Kim spells biggest danger
to Marali’s ‘Untouchable’ status - by Terry Pettifer
South Korea’s Ji Hoon Kim (18-5-1, 15 knockouts) spells the biggest danger thus far to the status and future of South Africa’s IBO world junior lightweight champion Zolani “Untouchable” Marali (20-2, 13 knockouts). The eagerly- awaited shootout between the 32-year-old Marali, who’s already a four-time world champion, and his 22- year-old challenger from Goyang City in South Korea, headlines the Emperors Palace bill on September 12 that has fittingly been billed “NIGHT OF THE GLADIATORS”.
Yet it is the banner attraction that
matches Marali and Kim that should attract
most international interest, especially in view of Marali’s recent #7 ranking in the WBC.
“Marali could earn a shot at the WBC
junior lightweight crown, but it’s imperative
that he comes out tops against the vicious punching Kim” said Golden Gloves Promoter Rodney Berman.
That proviso could, however, be a lot
more dangerously attained than Marali’s
ultra-confident trainer Colin Nathan
would have us believe, particularly
when one analyses the records of both fighters. Moreover, it’s significant that
Ji Hoon Kim’s reputation is such that
the whole of Korea will obtain
live visuals of the fight,
per courtesy of SuperSport!
Zolani Marali’s hitherto
triumphs have been fashioned
around his razorsharp
skills, a southpaw jab of unerring precision and the fact that he’s taller than
most welterweights. Not that Marali’s albatross-like wingspan is infallible…
whose is? But the most reassuring aspect of the colourful South Africa’s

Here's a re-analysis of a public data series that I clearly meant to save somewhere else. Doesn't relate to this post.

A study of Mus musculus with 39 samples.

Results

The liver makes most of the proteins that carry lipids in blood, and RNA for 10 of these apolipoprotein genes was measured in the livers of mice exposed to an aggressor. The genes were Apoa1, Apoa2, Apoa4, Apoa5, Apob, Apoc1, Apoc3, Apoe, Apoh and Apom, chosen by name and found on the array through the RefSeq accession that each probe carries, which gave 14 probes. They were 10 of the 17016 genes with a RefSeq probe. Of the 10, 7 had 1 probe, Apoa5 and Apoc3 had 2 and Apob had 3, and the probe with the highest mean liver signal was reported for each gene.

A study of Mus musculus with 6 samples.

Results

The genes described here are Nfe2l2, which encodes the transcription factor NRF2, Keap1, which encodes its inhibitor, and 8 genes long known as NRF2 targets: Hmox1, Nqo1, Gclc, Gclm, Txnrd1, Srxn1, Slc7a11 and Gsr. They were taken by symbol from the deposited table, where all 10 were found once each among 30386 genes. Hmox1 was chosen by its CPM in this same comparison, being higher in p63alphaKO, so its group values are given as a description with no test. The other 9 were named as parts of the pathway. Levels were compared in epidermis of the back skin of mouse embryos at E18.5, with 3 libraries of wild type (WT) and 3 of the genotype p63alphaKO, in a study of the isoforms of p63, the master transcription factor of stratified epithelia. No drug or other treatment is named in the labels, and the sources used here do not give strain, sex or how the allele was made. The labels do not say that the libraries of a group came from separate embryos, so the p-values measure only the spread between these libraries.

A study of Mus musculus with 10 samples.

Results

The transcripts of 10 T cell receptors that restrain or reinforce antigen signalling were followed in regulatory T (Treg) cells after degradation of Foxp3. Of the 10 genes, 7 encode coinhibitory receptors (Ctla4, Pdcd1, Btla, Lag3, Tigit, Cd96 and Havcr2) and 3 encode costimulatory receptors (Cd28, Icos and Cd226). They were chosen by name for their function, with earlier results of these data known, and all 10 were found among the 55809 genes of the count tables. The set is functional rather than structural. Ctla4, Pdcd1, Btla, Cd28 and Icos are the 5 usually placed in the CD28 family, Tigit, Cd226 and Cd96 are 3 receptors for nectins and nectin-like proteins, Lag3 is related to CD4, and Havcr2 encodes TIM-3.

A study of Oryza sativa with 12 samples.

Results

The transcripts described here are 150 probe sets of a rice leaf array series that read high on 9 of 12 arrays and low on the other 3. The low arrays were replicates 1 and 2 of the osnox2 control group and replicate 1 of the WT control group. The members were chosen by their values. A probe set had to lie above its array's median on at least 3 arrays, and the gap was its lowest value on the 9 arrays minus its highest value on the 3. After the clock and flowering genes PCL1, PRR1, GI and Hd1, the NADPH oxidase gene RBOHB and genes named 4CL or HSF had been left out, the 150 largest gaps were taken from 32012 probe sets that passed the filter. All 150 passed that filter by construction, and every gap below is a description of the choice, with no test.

many gifts, is his ability to fire jolting two-handed combinations ‘on the inside’,
thus discouraging opponents whose strategy revolves around body punching.
“Marali loves guys who
steam straight ahead and
from what I’ve been able to
assess about Kim, himself
fairly tall at 176cm, is his
proclivity to wage toe-totoe
war” said Colin Nathan. “If he does that he’ll be cut to pieces and I’ve no doubt that a leopard never changes its spots”.
Nevertheless, while Marali’s
incisive skills have already
accounted for the
likes of Pastor Humberto
Maurin, Jean-Marie Codet,
Hevinson Herrera, Miguel
Dario Lombardo and
Gamaliel Diaz, the pencilthin
South African would
be wise not to underrate
the orthodox exponent
he’s about to face. Also,
Marali’s KO% 59.09 is less
emphatic than his challenger,
who’ll enter the
September 12 fray with a
eye-catching 65.22 KO%.
“Kim is an unusually hard hitter for his weight and he penciled in some hugely impressive victories since turning professional in 2004” said Golden Gloves CEO Rodney Berman.
Most notable amongst the Korean’s
scalps were his blistering blow out of
Kobo Gogoladze (TKO 1) in May 2008,
and four subsequent stoppages over
Jung-Suk Mo (KO 2), Gilbert Salinas
(TKO 8), Hyung-Joo Yum (TKO 2) and
Kim Soo Yu (TKO 4).
Indeed, the 22-year-old Kim hasn’t
tasted defeat since he was outpointed
by Makyo Sugita over 10 rounds in July
2006. His unbeaten stretch now numbers
10, with 9 stoppages.
American fight buff George Blake put it into perspective when I called him earlier this week to congratulate him on the birth of his sixth grandchild.
“Kim is a work in progress, and one
should remember that his first three defeats
were registered when he was still a teenager. I’d say Marali has a veritable tiger on his hands!” said Blake.
Man-about-boxing Jeff Ellis agrees.
“Numbers never lie and if I was Marali
I’d be extremely wary of this guy”.
Unlike a lot of other Korean fighters, Kim has journeyed abroad for two of his most important fights, namely those with Gogoladze, which took place in Nevada and Salinas, whom he halted in Laredo, Texas.